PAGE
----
Benghazi/Tunis/Geneva (ICRC) – Concern is growing at the International Committee of the Red Cross (ICRC) and the Libyan Red Crescent over the plight of thousands of people affected by intense fighting in Tripoli and Benghazi. Both organizations have renewed their efforts to assist the wounded and the displaced.
“Our volunteers are striving to respond to the most acute needs of people in areas where fighting is in progress," said Omar Jaouda, Secretary-General of the Libyan Red Crescent. "They have been working very hard to transport wounded people, remove dead bodies, and assist civilians. I should add that they are doing all this in extremely difficult conditions. We are trying to negotiate safe access for our teams with the parties involved in the fighting, which is proving to be no easy task."
The Libyan Red Crescent – one of the few humanitarian organizations present on the ground – has transported dozens of wounded people to hospitals, and carried away numerous dead bodies. It has also helped civilians to evacuate areas affected by the fighting and, in coordination with local authorities, provided medical and relief assistance for hospitals and displaced civilians. The ICRC has provided the Libyan Red Crescent with wound-dressing materials and hundreds of body bags since 15 July. It is also stepping up its efforts to assist displaced civilians.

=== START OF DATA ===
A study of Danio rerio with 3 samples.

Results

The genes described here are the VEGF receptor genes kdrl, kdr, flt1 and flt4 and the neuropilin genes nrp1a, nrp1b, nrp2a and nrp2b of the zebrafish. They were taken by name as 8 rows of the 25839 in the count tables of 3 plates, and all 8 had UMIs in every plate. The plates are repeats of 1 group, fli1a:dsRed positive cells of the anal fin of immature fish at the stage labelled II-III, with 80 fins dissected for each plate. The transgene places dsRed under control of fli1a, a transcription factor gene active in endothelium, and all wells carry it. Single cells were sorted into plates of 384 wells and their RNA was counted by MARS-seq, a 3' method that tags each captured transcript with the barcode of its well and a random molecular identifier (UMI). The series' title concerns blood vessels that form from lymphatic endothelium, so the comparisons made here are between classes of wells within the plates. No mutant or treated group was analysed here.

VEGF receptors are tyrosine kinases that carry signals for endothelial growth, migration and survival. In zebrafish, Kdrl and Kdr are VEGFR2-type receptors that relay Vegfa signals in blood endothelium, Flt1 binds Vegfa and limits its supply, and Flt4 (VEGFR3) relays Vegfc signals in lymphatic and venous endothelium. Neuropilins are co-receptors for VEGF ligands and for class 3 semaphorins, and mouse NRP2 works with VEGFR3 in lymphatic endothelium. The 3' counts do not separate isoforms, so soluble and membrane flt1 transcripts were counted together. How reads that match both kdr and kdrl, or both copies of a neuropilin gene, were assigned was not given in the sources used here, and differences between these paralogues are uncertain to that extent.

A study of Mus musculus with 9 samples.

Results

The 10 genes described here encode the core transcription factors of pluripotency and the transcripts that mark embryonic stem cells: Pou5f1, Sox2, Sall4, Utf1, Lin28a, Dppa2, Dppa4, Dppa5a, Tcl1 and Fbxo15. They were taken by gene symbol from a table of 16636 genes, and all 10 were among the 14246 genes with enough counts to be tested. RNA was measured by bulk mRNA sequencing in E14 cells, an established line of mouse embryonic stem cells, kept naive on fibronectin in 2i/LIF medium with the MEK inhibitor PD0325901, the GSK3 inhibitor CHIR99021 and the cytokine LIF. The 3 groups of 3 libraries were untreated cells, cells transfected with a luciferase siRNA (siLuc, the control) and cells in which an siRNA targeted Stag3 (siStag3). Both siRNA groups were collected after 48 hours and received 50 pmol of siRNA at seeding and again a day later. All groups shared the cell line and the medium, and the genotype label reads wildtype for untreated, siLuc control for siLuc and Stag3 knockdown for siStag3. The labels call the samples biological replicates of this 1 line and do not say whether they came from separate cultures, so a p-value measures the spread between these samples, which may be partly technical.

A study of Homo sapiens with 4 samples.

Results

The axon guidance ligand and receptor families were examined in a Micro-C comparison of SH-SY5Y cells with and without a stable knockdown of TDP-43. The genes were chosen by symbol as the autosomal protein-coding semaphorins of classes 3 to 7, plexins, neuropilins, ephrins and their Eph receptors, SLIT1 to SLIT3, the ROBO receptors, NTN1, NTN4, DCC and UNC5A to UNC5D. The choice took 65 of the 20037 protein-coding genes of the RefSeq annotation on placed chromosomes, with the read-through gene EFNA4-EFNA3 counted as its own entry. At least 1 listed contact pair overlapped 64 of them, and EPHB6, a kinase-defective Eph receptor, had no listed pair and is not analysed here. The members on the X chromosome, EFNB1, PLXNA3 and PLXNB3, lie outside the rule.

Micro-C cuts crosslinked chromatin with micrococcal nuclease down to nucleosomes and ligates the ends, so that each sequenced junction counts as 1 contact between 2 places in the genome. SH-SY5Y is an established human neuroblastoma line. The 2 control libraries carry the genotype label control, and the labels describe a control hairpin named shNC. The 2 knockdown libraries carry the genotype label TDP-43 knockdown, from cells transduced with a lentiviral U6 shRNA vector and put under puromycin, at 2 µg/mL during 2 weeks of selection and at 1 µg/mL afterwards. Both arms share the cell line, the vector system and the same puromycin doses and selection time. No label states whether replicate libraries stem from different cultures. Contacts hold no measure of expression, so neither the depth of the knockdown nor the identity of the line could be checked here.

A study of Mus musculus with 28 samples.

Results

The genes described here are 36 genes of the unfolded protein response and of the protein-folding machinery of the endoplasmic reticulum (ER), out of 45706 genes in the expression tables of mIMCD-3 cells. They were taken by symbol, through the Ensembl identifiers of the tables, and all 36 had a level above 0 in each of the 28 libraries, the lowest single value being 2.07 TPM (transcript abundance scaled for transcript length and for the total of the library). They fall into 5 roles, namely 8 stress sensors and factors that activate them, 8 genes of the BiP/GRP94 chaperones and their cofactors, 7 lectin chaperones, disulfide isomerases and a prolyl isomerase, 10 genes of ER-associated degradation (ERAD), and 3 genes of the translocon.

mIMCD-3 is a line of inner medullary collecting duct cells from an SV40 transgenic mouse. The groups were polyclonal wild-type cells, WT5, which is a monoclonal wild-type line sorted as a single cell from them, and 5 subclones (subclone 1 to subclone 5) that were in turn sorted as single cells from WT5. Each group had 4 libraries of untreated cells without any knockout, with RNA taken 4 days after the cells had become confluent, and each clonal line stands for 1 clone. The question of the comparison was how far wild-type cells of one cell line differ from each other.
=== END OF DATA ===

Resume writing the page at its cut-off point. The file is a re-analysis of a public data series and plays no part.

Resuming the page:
"Dozens of people have been injured or killed since the outbreak of violence in Tripoli," said Antoine Grand, the head of the ICRC’s delegation in Libya, which is temporarily based in Tunisia. "We are extremely concerned about the plight of civilians in Tripoli, particularly those who have been displaced or trapped in their homes in the southern section of the city. The situation in Benghazi, where there has been a sharp rise in armed violence since May, is equally worrying."
The Libyan Red Crescent and the ICRC are urging all parties to take every possible precaution to spare civilian lives and infrastructure, and to ensure safe and unimpeded access for Red Crescent volunteers.
The ICRC will not abandon the victims of armed violence in Libya. Owing to deteriorating security conditions its international staff were moved to Tunis on 15 July, but they are expected to return as soon as the situation improves. The ICRC will, however, carry on working through its 130 locally based staff, and will also respond to emergencies, in cooperation with the Libyan Red Crescent and other local partners.